7A.5 Comparing Disdrometer Measured Raindrop Size Distributions from VORTEX-SE with Distributions from Polarimetric Radar Retrievals Using the Constrained Gamma Method

Monday, 28 August 2017: 5:00 PM
Vevey (Swissotel Chicago)
Jessica Bozell, Purdue Univ., West Lafayette, IN; and D. T. Dawson II, R. Tanamachi, and S. Frasier

Many aspects of microphysical variations within supercells are not well understood, even though they play a key role in storm dynamics and evolution. Raindrop size distributions (DSDs) provide a lot of insight into a storms microphysics, however, DSDs vary significantly throughout storms. Unfortunately, the National Weather Service’s radar network does not have the capability to directly observe DSDs, making retrieval algorithms based on advanced microphysical models and in-situ disdrometer observations necessary. If these small scale variations can be better characterized, and differences between convective regimes quantified, it will lead to improved algorithms for retrieving DSD parameters from radars as well as improved microphysical parameterizations within numerical weather prediction models. With better modeling of supercells, tornado predictions and warnings can be improved.

Gamma distributions are often used to model DSDs, since they empirically fit well, are relatively flexible, and are fairly easy to manipulate mathematically. One method to estimate the main parameters of the gamma DSD from polarimetric radar data is the constrained-gamma method. This method uses reflectivity (ZH), differential reflectivity (ZDR), and a disdrometer-derived empirical relation between the DSD slope and shape parameters (𝜇 − Λ relation) to retrieve the DSD parameters.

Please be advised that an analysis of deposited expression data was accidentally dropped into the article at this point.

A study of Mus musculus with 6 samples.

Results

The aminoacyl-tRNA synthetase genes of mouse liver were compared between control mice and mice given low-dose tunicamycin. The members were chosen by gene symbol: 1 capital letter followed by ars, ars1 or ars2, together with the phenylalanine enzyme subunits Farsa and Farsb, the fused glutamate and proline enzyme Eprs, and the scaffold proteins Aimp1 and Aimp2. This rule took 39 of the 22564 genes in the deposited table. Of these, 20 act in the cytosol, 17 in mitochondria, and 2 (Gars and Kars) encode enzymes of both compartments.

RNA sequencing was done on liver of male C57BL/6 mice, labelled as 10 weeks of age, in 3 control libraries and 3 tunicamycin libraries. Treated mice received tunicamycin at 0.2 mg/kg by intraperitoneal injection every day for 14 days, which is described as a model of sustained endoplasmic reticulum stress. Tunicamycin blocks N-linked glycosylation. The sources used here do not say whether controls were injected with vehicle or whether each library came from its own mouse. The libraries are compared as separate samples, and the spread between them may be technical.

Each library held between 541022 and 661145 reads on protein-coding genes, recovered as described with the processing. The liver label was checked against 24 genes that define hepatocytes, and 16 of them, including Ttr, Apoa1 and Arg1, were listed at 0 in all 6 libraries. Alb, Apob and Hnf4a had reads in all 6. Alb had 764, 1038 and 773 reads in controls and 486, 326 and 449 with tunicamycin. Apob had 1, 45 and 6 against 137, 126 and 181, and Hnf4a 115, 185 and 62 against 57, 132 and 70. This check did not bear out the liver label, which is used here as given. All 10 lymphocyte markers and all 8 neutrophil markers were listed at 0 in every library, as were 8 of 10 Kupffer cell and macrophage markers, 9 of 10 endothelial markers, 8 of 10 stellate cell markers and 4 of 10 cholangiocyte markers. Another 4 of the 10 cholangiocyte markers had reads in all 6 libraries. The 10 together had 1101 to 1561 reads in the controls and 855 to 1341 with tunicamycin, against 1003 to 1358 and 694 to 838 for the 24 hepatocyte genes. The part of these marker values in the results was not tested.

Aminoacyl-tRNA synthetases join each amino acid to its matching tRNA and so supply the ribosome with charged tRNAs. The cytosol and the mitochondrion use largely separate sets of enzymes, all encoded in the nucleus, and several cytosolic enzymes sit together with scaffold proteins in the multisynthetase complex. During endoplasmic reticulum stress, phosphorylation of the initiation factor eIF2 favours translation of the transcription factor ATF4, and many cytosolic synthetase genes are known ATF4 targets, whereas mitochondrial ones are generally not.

While disdrometers directly measure DSDs, they are severely limited in spatial coverage. In order to improve our understanding of the spatial variation of DSDs across supercells, methods such as the constrained-gamma method can be used to retrieve DSD parameters at high spatial resolution across an entire storm. In this study, we will apply the constrained gamma method to radar data collected during the 2016 and 2017 VORTEX-SE field program in order to retrieve normalized gamma distributions from polarimetric radar variables, leveraging the disdrometer data collected during the field program. Specifically, we will derive new 𝜇 − Λ relations from these disdrometer data and compare them to 𝜇 − Λ relations found in other studies. We will then apply these retrievals to characterize the spatiotemporal variation of DSDs for VORTEX-SE storms.